HENRY DEEDES: Harness power of Nadine and rival's mutual hatred

Harness the power of Nadine Dorries and her rival’s mutual hatred… it’ll solve the energy crisis: HENRY DEEDES watches the Culture Secretary’s ‘shoot first and ask questions later’ mantra in action

Career politicians don’t like Nadine Dorries. Too forthright and in-yer-face. If you want to survive in the Westminster jungle you gotta speak-a-da-lingo, which means talking in long, verbless sentences, preferably without really saying very much at all.

But the Culture Secretary hails from the ‘shoot first, ask questions later’ school of political thinking.

More often than not it gets her in trouble, particularly when she dips her toes in Twitter’s piranha-infested waters.

But while Government spin doctors scurry for the nearest medicine cabinet whenever she opens her mouth, we journalists tend to cry ‘Bingo!’ Yesterday, Dorries appeared in front of the digital, media, culture and sport committee – that preening bastion of right-on thinkers who don’t even bother to disguise their disgust at the Minister of State’s coltish ways.

If you want to survive in the Westminster jungle you gotta speak-a-da-lingo, which means talking in long, verbless sentences, preferably without really saying very much at all. But the Culture Secretary hails from the ‘shoot first, ask questions later’ school of political thinking

Even when she walked in to the room, committee members gazed at her with gimlet-eyed suspicion, like jurors rubber-necking at a tattoo-splattered hoodlum taking their place in the dock.

Chief among the Dorries haters is jowly ex-BBC man John Nicolson (SNP Ochil) and the feeling is very much mutual. If you could somehow harness the power of loathing between him and Nadine you’d solve our energy crisis for the next half century.

The pair were at each other’s gullets from the off. Mr Nicolson was very worked up about the sale of Channel 4. He was outraged Dorries declined an interview with the broadcaster’s news programme the day she announced it was being privatised. From most politicians we would expect a long-winded excuse about time constraints.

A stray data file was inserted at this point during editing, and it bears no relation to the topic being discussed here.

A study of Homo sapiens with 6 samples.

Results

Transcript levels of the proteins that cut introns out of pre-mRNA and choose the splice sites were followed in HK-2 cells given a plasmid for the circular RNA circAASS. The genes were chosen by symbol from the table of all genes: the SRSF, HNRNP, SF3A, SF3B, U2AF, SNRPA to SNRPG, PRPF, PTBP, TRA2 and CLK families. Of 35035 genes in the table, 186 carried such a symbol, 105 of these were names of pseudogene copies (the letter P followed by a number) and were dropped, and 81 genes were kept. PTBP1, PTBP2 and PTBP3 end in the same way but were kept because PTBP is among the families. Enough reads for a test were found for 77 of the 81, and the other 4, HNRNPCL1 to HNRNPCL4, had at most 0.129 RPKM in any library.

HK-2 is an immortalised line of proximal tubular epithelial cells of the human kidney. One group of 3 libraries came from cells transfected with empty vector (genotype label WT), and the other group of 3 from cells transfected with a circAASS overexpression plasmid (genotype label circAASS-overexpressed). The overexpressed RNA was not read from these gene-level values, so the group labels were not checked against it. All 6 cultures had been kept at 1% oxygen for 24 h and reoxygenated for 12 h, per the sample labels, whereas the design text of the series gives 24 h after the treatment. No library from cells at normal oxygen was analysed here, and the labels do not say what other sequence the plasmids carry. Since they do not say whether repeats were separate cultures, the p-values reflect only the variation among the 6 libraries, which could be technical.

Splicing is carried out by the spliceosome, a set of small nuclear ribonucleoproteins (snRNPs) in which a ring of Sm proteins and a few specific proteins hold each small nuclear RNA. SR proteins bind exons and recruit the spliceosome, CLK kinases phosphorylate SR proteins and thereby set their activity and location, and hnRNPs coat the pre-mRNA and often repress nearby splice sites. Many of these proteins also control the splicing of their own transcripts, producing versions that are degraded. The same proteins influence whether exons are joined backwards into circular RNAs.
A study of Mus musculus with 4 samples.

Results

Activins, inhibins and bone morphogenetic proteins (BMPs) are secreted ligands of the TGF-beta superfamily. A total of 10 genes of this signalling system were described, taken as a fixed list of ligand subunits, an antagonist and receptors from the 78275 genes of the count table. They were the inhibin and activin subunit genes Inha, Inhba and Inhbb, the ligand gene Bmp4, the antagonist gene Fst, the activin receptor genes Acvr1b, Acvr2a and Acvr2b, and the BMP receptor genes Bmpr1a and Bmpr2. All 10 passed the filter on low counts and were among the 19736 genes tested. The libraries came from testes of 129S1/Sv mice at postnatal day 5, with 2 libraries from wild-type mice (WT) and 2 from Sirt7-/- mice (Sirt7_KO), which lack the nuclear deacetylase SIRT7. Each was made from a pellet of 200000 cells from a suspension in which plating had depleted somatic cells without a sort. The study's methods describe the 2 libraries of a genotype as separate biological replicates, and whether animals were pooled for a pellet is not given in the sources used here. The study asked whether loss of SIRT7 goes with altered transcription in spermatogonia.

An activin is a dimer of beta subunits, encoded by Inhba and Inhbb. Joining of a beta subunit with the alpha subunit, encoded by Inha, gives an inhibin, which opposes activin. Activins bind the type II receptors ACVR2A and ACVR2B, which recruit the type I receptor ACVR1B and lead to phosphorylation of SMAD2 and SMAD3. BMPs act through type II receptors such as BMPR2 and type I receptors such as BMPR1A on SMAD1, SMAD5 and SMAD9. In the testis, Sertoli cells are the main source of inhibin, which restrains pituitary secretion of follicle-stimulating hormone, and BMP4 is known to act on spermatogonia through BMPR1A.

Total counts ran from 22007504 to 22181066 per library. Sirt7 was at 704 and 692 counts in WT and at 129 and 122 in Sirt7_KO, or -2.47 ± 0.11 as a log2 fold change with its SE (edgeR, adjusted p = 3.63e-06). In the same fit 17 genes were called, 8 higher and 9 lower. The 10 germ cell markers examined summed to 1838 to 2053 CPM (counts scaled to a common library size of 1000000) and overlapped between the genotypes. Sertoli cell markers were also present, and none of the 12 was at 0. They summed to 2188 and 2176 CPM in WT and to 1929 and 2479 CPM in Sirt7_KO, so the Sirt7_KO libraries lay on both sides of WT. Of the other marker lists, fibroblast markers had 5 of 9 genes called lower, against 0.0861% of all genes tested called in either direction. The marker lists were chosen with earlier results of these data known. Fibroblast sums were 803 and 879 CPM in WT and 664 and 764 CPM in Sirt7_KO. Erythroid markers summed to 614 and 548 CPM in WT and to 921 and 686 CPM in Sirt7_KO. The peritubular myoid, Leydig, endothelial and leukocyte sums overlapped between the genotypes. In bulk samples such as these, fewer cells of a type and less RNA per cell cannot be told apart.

Not from Nad. She stared down at the desk and shuffled her heels. ‘It was my right to do so,’ she muttered. Nicolson did a little double take. ‘Sorry, is your answer finished?’ he asked incredulously.

Dorries shrugged. ‘Which outlet I choose is my choice,’ she replied. Boverred? Nicolson was furious Channel 4 was being let go. It was profitable. It makes good television (hmm, up to a point).

He reckoned the real reason Dorries wanted rid was revenge for its critical coverage of the Government. ‘Laughable!’ said Dorries.

Yesterday, Dorries appeared in front of the digital, media, culture and sport committee – that preening bastion of right-on thinkers who don’t even bother to disguise their disgust at the Minister of State’s coltish ways

Accompanying Miss Dorries was her permanent secretary Sarah Healey, who always looks as though she’s just placed her hand on a red hot Aga.

Unlike her boss, Miss Healey very much does talk the jargonistic language of Whitehall. She spoke a lot about ‘disseminating opportunities’ in her department using ‘demystifying explainers’ – whatever that means. Once again, back to Channel 4 News.

Steve Brine (Con, Winchester) wondered what Dorries thought of its journalism. Again, the standard response would be something banal about its wonderful foreign coverage et cetera, et cetera. Nad defied expectations once more. ‘It’s edgy,’ she replied. For ‘edgy’ read: ‘Bed-wettingly liberal.’ She felt the broadcaster ‘didn’t do itself any favours’ when it came to impartiality.

It was hard to justify a news organisation ‘whose anchor went out to shout obscenities at Tories,’ she added – a reference to former presenter Jon Snow’s foul-mouthed rant about the Conservatives at Glastonbury five years ago.

Nicolson shot the committee’s chairman Julian Knight (Con, Solihull) a pleading look. ‘Make her stop, chair!’ Dorries was still hell bent on ditching the BBC licence fee.

A review was planned in the coming months to look at alternative funding models. ‘If anybody knows anybody to chair that review let me know,’ she announced breezily, as though enquiring after a good French polisher.

Nicolson thought he might apply. Which sounded a waste of a perfectly good postage stamp. Things slowed down a bit when the discussion turned toward the Government’s levelling up agenda. Yawn, Yawn.

Clive Efford (Lab, Eltham) pointed out two of the department’s recent high-profile appointments – Lord Grade as Ofcom chairman and Charity Commission chairman Orlando Fraser – were privileged white men. So much for levelling up, etc.

In case you didn’t notice, this lot are obsessed with identity politics and diversity targets.

If a candidate for a big job isn’t from a minority group, they howl with indignation.

Dorries sighed and pointed out these appointments were just two of about 240 she had made since arriving in the job last Autumn.

Oh by the way, the make-up of yesterday’s committee? Eight men and two women. And all but one of them were white. Hey ho!